Below, you'll see any text that was highlighted with comments from the reviewer.
Message to Readers
If y'all want some background, there's this guy that spent a lot of time dumping his personal problems on me and then asked me out last year; I very kindly told him no, he was like "cool no big deal." I'm happy, finished freshman year, got through the summer, asked a girl out, she said nah, bounced back, met someone awesome when I got back to school, now we're dating, I'm excited... Fuckboi over here from freshman year science won't leave me alone. Sends messages. Slides into dms. Becomes an all-around creepbag. And I hate it.
So remember kids, no means no. Not maybe, not I'll think about it, not I'll change my mind someday. It's no.
On that delightful note, please comment on what you like/didn't like. I wanted to do a return to sonnets to round out the month, and this was an event I needed to process. :)
I really appreciate your Shakespearean allusions -- I love Shakespeare -- and I loved even more the Shakespearean diction you couple them with. The ending couplet was a stark turning point for me (as to be expected with any Shakespearean sonnet). I was delighted to read the first stanza, as it revealed a lot about where the sonnet would entail. Good job.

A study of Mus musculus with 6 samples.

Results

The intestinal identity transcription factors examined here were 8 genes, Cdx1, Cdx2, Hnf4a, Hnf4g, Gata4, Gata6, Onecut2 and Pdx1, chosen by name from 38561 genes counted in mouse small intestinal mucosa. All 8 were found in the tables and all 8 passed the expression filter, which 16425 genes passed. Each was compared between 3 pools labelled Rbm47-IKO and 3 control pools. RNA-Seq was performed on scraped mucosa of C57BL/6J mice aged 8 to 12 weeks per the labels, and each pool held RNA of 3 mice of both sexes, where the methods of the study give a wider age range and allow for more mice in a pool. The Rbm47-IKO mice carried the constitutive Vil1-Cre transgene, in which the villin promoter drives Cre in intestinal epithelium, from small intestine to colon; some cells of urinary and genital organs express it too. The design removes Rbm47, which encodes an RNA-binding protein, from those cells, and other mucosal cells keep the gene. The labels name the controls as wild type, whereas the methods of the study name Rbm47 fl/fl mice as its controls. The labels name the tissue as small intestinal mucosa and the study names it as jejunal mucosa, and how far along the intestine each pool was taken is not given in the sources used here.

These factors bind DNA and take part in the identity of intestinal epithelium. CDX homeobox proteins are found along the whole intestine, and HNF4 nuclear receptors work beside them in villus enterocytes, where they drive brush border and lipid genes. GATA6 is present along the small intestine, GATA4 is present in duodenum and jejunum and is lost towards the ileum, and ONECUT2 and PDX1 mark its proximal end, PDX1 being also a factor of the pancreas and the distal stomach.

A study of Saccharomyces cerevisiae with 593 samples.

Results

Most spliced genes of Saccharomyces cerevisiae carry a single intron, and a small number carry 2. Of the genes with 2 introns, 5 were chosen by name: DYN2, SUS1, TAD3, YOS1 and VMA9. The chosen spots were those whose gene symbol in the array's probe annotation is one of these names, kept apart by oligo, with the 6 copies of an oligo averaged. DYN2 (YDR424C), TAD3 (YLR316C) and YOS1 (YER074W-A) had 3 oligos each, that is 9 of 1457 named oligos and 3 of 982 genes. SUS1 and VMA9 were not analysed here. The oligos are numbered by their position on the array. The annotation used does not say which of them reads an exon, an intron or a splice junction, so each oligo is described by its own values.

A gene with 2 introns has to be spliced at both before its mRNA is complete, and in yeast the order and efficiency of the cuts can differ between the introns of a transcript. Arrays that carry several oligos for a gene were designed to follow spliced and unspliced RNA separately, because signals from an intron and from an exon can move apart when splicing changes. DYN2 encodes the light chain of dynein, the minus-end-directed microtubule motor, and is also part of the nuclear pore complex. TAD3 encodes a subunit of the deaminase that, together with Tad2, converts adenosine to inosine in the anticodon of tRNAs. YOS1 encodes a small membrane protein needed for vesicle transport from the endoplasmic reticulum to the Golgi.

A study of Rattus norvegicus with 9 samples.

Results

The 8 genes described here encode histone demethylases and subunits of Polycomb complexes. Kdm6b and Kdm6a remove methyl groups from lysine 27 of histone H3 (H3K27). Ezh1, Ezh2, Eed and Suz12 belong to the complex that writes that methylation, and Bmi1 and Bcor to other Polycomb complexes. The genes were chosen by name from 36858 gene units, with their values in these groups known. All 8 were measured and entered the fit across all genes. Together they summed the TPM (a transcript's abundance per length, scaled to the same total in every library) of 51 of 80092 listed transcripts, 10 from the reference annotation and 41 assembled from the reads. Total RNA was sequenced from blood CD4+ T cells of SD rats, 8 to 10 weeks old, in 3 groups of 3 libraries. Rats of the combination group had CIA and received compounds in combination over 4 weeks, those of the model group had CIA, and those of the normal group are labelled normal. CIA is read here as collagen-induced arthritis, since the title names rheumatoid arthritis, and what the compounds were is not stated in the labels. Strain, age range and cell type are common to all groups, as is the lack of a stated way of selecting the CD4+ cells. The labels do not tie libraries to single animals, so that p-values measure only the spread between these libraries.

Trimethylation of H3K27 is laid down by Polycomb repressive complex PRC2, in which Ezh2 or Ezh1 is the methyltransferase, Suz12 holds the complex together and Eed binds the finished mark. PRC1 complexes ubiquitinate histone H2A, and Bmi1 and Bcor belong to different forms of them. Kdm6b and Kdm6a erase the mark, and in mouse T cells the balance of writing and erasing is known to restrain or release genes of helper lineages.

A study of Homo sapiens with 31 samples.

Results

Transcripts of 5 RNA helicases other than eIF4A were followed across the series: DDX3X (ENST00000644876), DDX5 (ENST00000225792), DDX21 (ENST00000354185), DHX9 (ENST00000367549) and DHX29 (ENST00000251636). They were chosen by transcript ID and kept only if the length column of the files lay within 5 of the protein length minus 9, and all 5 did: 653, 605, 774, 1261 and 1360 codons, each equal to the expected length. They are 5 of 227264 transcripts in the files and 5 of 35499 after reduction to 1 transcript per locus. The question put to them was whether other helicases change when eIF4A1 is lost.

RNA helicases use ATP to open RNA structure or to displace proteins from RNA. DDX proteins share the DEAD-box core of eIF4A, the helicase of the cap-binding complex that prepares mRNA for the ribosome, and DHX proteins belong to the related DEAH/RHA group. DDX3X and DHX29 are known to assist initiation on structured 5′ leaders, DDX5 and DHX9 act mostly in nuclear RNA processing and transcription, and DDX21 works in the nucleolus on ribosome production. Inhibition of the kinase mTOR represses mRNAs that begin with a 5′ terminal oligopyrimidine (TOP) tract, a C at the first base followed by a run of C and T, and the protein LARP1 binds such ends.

I would say maybe strengthen the resolve. Rather than resorting to death (because, let's face it, death can be a little cliche) think of another way the speaker can seek refuge. Give the reader something to think about with the last lines that would still be just as sharp and poignant, but strikes differently and ties in with your overall themes better.
Also, I would like to compliment your devotion to iambic pentameter all the way through. I would, however like to perhaps suggest that you now follow the rhythmic stresses as well. Although you filled the syllables correctly, try choosing words that would naturally be read like da DA da DA da DA da DA da DA. (Also line 3, because you made "would not" a contraction, does not meet syllabic requirements; "wouldn't" would be read as one syllable in that case so you can go ahead and make it two.) I found lines 10 and 14 executed this rhythmic stress the best as they sound natural when read aloud so I know you are capable. Try matching future sonnets to this as well. But overall, good job -- tackling Shakespearean sonnets is not an easy task and you're doing it well. Keep it up!